Tariffs are making headlines just about every day now, but it’s often not clear which stories are about threats of tariffs, and which are about actual tariffs that will be applied. Back on March 8, President Trump announced that he would impose tariffs on imports of steel (25%) and aluminum (10%), but also noted that Canada and Mexico would be exempt and there was going to be a 15 day period to talk about exemptions for other countries (as well as specific product exclusions). Other countries complained that the purported justification for the tariffs, national security, had no basis, and the EU threatened retaliatory tariffs.
That 15 days was up today, but before we get to that, yesterday President Trump was threatening more tariffs, this time only against China, for various practices — e.g., alleged forced technology transfers and a failure to safeguard intellectual property rights — that it has engaged in over the years. The Wall Street Journal described yesterday’s action this way:
The White House is putting together a package of 25% tariffs on Chinese imports, and Mr. Trump’s advisers said they had targeted 1,300 product categories. The president said that action could affect imports of “about $60 billion,” but his advisers, speaking earlier, said that it was more likely to be $50 billion, or roughly 10% of the more than $500 billion the U.S. imported from China last year.
The administration says it will publish a formal list of proposed tariffs in 15 days. U.S. industry would get 30 days to comment on which products should be selected for tariffs, said the office of the U.S. Trade Representative. …
So these China‐specific tariffs are in the works, but they are not being imposed just yet. There is still time to convince the Trump administration to focus more on bringing complaints against China to the World Trade Organization (WTO), as we advocate here and here.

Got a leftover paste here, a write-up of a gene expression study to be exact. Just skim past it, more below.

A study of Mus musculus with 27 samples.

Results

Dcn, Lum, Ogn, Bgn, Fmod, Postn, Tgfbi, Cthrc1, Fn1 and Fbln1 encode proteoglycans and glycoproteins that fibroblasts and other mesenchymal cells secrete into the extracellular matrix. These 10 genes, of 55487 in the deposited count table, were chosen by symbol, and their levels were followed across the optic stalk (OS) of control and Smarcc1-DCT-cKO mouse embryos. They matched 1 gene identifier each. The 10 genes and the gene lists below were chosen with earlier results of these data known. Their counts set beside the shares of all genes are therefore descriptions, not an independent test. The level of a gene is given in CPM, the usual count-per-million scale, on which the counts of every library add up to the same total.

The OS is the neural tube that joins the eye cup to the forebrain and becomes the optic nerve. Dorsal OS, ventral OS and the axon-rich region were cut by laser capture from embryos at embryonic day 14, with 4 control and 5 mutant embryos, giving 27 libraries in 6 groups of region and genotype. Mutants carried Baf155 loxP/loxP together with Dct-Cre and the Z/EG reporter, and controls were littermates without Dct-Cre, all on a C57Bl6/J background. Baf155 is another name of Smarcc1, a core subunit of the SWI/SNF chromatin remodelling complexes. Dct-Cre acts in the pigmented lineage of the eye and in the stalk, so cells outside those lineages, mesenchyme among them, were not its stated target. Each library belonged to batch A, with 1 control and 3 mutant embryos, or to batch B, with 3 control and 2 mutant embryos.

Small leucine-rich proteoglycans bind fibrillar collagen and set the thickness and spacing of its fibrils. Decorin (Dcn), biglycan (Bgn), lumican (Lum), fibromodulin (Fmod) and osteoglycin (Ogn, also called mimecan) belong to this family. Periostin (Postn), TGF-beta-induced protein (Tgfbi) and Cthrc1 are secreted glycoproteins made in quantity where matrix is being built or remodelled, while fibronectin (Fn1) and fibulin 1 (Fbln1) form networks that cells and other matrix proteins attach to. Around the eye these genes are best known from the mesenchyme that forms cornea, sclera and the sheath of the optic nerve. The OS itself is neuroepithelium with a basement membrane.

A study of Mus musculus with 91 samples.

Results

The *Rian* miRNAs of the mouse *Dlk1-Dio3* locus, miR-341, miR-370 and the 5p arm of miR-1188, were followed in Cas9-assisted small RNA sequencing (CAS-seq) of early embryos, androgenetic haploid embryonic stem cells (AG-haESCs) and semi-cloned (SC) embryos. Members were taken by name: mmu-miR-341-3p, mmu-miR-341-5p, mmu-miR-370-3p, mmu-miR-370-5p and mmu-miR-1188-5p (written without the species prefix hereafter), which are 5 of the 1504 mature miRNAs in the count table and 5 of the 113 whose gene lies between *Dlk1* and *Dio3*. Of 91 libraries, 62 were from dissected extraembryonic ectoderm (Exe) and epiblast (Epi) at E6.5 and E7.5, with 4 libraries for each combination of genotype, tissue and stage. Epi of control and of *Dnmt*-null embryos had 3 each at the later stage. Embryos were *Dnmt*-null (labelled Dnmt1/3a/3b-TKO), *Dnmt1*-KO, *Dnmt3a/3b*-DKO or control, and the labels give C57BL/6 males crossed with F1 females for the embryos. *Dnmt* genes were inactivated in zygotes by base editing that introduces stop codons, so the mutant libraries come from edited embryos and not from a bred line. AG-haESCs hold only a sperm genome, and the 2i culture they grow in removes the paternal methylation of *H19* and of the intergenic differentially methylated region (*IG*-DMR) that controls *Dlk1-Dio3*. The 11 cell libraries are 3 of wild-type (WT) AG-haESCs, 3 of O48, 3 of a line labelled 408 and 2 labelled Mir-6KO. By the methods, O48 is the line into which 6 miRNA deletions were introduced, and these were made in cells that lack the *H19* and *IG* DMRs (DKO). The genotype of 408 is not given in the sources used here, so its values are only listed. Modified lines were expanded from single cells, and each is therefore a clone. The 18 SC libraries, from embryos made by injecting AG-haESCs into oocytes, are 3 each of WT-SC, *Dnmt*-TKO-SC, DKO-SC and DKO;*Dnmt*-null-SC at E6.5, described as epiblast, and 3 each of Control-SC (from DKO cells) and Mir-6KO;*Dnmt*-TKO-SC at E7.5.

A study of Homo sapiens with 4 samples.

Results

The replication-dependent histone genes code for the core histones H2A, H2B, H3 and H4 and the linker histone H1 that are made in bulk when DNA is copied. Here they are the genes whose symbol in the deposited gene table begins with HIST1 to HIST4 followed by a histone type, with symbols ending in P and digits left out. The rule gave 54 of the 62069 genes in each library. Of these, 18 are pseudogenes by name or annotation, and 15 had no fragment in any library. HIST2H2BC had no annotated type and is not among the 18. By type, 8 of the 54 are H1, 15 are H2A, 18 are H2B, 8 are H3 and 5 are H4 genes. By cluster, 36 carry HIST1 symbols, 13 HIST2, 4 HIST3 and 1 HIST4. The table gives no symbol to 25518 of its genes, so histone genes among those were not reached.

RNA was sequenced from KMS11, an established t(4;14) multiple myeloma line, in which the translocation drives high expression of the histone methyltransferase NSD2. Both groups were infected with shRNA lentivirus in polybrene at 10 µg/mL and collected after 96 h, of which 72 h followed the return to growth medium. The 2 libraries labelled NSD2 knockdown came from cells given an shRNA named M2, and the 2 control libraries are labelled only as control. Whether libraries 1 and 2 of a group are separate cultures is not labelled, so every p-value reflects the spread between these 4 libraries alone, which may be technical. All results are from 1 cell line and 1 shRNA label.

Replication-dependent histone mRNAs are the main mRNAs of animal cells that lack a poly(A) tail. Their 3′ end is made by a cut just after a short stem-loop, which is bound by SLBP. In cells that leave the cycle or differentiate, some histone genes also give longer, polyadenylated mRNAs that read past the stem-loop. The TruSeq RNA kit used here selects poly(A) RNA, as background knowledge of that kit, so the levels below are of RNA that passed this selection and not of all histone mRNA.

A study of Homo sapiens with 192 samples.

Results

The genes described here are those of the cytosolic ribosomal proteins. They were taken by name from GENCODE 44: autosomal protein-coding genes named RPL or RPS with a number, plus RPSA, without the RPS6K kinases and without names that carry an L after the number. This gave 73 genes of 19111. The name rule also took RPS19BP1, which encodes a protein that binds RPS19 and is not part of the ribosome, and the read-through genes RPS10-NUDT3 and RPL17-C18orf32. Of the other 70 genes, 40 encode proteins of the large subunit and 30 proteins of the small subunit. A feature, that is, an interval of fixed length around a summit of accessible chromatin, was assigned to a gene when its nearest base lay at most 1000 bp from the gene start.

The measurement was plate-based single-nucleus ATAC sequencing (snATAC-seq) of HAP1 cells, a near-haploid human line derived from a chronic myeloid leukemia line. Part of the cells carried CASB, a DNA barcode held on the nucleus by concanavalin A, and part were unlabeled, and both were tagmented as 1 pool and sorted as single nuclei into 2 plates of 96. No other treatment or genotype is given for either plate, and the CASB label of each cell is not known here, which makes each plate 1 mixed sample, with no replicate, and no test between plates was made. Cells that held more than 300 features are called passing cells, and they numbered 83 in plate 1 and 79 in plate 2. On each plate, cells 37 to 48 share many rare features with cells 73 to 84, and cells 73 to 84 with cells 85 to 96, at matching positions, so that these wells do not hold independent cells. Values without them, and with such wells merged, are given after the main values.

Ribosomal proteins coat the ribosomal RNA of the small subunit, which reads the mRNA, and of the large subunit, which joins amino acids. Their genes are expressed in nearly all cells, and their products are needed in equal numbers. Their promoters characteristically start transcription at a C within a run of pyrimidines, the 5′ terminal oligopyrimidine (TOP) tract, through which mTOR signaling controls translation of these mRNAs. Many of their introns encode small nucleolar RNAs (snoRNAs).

In the meantime, though, the Trump administration imposed the steel and aluminum tariffs as of today. However, in the end, they exempted (at least until April 30) many additional countries: Brazil, the EU member states, South Korea, Australia, and Argentina. That softens the impact of the tariffs considerably, and the EU may not retaliate just yet (although it is not happy with an exemption that is only temporary). But other countries, including China, are subject to these tariffs. These countries are likely to file complaints at the WTO, but in addition, China has announced (in Chinese) that it will retaliate with tariffs of its own. No word yet on retaliatory actions from others.
What’s interesting about China’s retaliation is that it has picked up on an EU legal theory, under which the retaliatory tariffs are actually permissible under WTO rules, as they are an action related to a “safeguard” measure (because the national security justification is a sham, the argument goes, the U.S. tariffs are actually safeguard measures). I’m skeptical of this theory (see the comment discussion here), but at this point all sides are pushing the boundaries of what is legal.
So where does all this leave us? Are we having a “trade war” yet? That’s a term that gets thrown around a bit loosely, but we now have some (arguably) extra‐legal tariffs imposed, and some (arguably) extra‐legal tariffs being threatened in response. Whether it’s a “trade war” or a “trade skirmish,” it’s a dangerous road we are going down, and there is the prospect of escalation if the additional tariffs on China announced yesterday are imposed.
There is still time to rein all this in, though. The Trump administration has decided to bring a WTO case against China related to one set of Chinese practices; working with other countries on multilateral efforts to address China’s practices more broadly is a much better approach than unilateralism. If the Trump administration can be convinced to focus on working through the WTO, rather than imposing tariffs unilaterally, much of the damage can be avoided.